Cake Days: The book vs the app

Cake Days screenshot

From the old blog.

For Mother’s Day this year, I bought myself the new Hummingbird Bakery recipe book, Cake Days. In the week that followed, I spent whole afternoons drooling over the gorgeous glossy photographs of cakes and cookies, muffins and slices, found within its pages. On April 16, however, I learned that Hummingbird Bakery had also released Cake Days as an application.

Given that I already had spent £10 for the book, could I really justify also paying £4.99 for an iPhone version that contained a smaller selection of the same recipes? In the end, I told myself that it would be useful to have both ‘for research purposes’. People often say that the film’s not as good as the book – but in 2011, is the book as good as the app?

The great book vs app comparison began in the lead-up to the long weekend, when I turned to page 158 of the recipe book and decided that those lovely-looking Banoffee Cupcakes with their dulche de leche custard topping would make a great Easter treat. They were. But they were also harder to make than I expected, with multiple cooking and cooling steps for the custard. Later, when I looked up the same recipe on my phone, it said Skill: Intermediate. That difficulty level wasn’t included in the printed cookbook. You can’t record your star ratings for each recipe in a printed cookbook either (without writing on the pages at least).

Banoffee Cupcakes

I’m not a tidy baker, and sometime between measuring the flour and getting the cakes into the oven, I managed to splash the Banoffee Cupcake page with excess milk. Cookbook damage is always a potential side effect in any of my kitchen efforts, so when it came to baking the Caramel Cupcakes (rated easy) the following weekend using the Cake Days app, I was grateful for my iPhone’s hardened case and wipe-clean screen.

I was also keen to try out the feature that allows you to clap your hands to move the recipe on to the next stage. In theory this is great, allowing you to work through the instructions without getting your sticky fingers on the technology. However, in practice, it wasn’t so effective. Every time I shut a drawer or cupboard, it triggered a new step. I had to keep swiping back to the ingredients list at the start anyway, to work out just how much milk or caramel I was supposed to be adding. The book definitely wins here by displaying the ingredients and instructions on one page.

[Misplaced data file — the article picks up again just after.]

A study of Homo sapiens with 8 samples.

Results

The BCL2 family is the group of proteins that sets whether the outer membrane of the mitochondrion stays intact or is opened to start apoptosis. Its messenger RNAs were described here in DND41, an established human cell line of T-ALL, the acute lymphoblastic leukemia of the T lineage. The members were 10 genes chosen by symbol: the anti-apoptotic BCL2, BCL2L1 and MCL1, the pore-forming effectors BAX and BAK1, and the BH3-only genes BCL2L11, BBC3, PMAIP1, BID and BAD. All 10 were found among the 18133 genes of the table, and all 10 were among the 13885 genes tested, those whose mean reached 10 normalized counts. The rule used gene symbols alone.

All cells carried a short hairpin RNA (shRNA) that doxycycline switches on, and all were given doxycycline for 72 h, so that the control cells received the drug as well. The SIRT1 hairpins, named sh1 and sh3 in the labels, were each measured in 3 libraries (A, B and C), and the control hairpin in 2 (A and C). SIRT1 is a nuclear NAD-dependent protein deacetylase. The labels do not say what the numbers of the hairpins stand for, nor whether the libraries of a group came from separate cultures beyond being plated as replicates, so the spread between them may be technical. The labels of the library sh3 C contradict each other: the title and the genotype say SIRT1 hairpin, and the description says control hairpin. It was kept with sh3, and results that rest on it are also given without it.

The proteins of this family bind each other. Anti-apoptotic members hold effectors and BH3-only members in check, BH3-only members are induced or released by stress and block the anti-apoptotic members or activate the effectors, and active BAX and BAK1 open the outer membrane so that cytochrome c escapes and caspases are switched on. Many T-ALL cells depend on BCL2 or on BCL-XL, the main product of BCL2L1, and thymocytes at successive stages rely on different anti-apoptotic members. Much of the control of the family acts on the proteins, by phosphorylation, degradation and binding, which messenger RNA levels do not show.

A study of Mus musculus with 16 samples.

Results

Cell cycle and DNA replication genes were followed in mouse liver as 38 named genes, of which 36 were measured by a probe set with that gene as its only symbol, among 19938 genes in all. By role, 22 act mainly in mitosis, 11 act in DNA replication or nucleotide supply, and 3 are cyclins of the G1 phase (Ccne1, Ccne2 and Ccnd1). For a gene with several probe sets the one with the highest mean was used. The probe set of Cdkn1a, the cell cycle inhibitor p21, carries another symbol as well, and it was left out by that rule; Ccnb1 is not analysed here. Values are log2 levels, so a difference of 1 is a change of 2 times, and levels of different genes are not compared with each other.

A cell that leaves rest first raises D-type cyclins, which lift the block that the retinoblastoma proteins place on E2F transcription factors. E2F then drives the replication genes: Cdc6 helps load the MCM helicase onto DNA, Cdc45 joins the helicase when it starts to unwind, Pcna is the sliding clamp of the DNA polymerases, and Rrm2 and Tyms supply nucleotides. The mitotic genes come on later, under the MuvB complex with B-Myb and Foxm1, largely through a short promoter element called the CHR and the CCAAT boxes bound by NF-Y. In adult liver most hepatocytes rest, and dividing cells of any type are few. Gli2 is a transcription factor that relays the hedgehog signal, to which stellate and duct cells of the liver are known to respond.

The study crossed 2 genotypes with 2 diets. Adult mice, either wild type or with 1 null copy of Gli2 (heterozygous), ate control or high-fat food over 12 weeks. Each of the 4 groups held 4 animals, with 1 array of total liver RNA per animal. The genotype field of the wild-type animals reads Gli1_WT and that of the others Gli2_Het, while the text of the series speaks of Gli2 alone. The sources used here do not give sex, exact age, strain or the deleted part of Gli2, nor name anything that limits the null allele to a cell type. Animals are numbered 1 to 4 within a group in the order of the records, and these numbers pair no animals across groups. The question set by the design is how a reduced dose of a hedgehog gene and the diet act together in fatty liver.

Caramel cupcakes

Where the app comes into its own is with the extras it offers. These include the ability to save the ingredients for your planned sugary treats to a shopping list. I would’ve liked to be able to add just the ingredients that weren’t in my cupboard and to be able to send the list to myself via email – but having this on my phone is still better than carrying around a photocopied page.

Another highlight of the app is the video content. There’s a section at the end of the book, for example, which gives written instructions on how to perfect Hummingbird’s signature swirled frosting along with step-by-step photos. However, the short video demonstration on the app makes the whole process seem much more achievable. I also discovered, after baking my Caramel Cupcakes, that there was also a video on the app showing how the professionals make them.

The Cake Days cookbook, with its bright pink cover, looks very pretty on my shelf. For now – at least when I want to try out one of the 85 recipes that are also in the app version – I’d say it’ll stay on my shelf. While there are still some flaws in its usability, and extra features that could be added, the Cake Days iPhone app does, I feel, outperform the book. On the iPad, with its bigger screen, I’d imagine that the application works even better.

Of course, in both the book and app baking experiments, the final cupcakes were delicious. And there are some that would say that’s the most important thing.

First published on iPhoneAppCafe.com. Happy to respond to comments here or there.

Natasha Judd

About Natasha Judd

Natasha has been a web geek since she had access to the web and a writer since she could write. She’s been working in digital communications roles for charities, government departments and commercial organisations for more than a decade, and set up Taskforce Digital in 2013. Natasha spends most of her online time on Facebook, Google Analytics, Shopify, WordPress and NetMums.